Mark Dutcher: The Prisoners
at Beyond Baroque
Through June 30th
By Jody Zellen
Following on the heels of his 2017 exhibition of abstract paintings Another World at Jason Vass Gallery, Mark Dutcher is now using Jean Genet’s 1950 film, Un Chant d’Amour, as a point of departure. Entitled The Prisoners, this show of new paintings is accompanied by poems by Maw Shein Win and Adrian de la Pena. In his or her own way, each investigates ideas about relationships, intimacy and voyeurism as raised in Genet’s film which was set in a French prison. The primary element in Dutcher’s canvases is the ubiquitous figure-ground vase illusion. Centered in each painting is the curvilinear form of an abstracted vase flanked by what appears to be two heads in silhouette. These figures are meant to reference two prisoners in adjacent cells. The heads try to communicate across this painted barrier. Never touching, yet longing for connection, they share similar features as represented by Dutcher’s use of gold and silver leaf, glitter and impastoed brush strokes.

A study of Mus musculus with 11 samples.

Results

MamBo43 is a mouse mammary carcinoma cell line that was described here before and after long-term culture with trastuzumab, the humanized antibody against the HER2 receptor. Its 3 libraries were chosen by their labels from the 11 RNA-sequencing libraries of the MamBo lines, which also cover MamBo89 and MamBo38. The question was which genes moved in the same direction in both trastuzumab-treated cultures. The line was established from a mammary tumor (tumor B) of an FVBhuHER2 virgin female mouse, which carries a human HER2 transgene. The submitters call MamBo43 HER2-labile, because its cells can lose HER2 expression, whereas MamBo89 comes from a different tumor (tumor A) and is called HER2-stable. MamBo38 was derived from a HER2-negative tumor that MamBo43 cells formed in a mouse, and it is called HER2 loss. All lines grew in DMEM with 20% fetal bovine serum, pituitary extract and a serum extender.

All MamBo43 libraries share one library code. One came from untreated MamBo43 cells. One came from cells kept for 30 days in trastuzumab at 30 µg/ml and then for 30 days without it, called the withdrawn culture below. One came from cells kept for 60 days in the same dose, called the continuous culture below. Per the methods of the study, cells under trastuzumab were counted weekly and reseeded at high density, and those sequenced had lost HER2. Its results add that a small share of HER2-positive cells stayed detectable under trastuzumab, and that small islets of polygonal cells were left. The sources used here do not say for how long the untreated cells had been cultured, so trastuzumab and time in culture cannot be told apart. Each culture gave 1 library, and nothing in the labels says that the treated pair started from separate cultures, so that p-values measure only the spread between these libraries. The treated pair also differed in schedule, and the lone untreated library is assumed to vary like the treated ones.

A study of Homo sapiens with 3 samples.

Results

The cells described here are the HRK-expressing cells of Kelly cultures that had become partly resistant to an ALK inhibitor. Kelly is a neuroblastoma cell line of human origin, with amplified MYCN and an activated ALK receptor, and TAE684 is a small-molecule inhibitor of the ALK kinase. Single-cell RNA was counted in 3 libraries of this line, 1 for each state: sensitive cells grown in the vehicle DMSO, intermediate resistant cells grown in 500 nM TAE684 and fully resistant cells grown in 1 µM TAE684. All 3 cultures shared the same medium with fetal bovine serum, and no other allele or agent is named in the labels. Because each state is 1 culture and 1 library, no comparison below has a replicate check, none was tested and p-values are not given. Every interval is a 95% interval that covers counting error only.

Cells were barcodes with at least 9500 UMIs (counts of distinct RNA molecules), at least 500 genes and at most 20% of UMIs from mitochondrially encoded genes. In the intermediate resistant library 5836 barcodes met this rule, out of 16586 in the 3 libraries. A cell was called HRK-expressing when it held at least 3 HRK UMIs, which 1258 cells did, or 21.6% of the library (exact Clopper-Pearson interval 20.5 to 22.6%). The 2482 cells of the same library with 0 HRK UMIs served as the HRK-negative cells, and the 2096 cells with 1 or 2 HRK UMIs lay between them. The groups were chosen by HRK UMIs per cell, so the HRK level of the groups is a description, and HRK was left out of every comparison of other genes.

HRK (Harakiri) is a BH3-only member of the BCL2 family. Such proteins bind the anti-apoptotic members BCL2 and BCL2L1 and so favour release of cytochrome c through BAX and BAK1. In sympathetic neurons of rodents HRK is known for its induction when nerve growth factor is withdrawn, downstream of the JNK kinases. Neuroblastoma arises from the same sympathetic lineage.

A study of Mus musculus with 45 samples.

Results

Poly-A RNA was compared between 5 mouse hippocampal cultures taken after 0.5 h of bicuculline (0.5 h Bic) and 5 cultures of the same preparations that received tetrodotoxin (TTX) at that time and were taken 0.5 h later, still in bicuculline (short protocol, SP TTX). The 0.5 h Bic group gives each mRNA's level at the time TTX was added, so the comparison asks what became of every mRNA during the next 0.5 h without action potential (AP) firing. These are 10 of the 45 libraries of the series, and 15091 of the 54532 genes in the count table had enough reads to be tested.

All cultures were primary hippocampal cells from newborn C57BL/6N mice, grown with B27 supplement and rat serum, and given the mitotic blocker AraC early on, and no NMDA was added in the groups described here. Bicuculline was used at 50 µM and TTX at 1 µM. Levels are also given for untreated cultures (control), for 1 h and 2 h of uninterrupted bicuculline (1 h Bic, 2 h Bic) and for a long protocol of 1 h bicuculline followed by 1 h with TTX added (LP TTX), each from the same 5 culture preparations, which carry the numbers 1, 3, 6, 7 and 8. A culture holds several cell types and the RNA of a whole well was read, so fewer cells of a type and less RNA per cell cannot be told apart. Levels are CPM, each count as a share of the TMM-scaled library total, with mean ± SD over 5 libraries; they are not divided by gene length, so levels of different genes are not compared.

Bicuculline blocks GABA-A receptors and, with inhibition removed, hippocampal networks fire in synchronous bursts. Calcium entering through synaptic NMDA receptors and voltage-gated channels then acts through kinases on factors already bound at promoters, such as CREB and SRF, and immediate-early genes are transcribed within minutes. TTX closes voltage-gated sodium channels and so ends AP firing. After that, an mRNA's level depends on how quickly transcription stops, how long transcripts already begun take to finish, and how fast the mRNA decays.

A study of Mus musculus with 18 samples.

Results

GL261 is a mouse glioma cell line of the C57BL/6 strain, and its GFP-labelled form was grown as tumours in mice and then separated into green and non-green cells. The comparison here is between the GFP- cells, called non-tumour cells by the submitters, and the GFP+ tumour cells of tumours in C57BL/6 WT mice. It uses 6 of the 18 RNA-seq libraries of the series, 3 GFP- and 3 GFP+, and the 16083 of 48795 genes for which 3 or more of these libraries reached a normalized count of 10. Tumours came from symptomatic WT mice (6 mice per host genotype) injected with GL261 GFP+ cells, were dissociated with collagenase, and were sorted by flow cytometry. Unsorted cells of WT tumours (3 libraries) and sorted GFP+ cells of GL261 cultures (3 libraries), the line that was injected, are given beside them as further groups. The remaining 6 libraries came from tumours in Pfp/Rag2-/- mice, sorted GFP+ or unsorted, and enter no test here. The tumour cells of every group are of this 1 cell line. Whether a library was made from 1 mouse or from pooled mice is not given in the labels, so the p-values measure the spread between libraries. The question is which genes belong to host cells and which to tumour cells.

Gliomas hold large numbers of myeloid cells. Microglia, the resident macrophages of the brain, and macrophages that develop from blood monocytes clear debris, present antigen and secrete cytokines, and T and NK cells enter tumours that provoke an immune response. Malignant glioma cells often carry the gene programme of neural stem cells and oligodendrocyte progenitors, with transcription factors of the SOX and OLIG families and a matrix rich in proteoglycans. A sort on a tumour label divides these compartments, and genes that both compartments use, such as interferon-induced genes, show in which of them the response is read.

Because Dutcher presents the same compositional elements in each painting, the viewer is required to look closely at the nuances and differences in the works. Each anonymous face has a distinct silhouette and is depicted as a monochromatic entity with or without a medley of interlocking shapes in varying colors. Dutcher has a purposely casual painting style that is gestural and expressionistic, verging on messy. That being said, these aggressively painted works are infused with a sense of urgency. As the viewer’s focus fluctuates between seeing the figure and the ground, they can reflect on myriad personal and universal struggles.
In addition to numerous small and mid-sized paintings, Dutcher also presents a series of works on paper. These oil and paint stick pieces— Prisoners (Querelle)— reference Genet’s novel Querelle of Brest (published in 1947) and illustrated by Jean Cocteau. Querelle of Brest is about a bisexual thief who kills his lovers for thrills and profit. In Dutcher’s series, the silhouetted vase/face or faces occupied a small area in an otherwise scribbled ground which signs for both the sea and the landscape where the action in the novel takes place. This tumultuous atmosphere is represented through Dutcher’s worked surfaces.
Dutcher uses both Querelle of Brest and Un Chant d’Amour as a metaphor for past and present struggles and denied freedom— be it homosexuals alive during Genet’s times, or the others of today—immigrants, undocumented workers, or the LGBTQ population.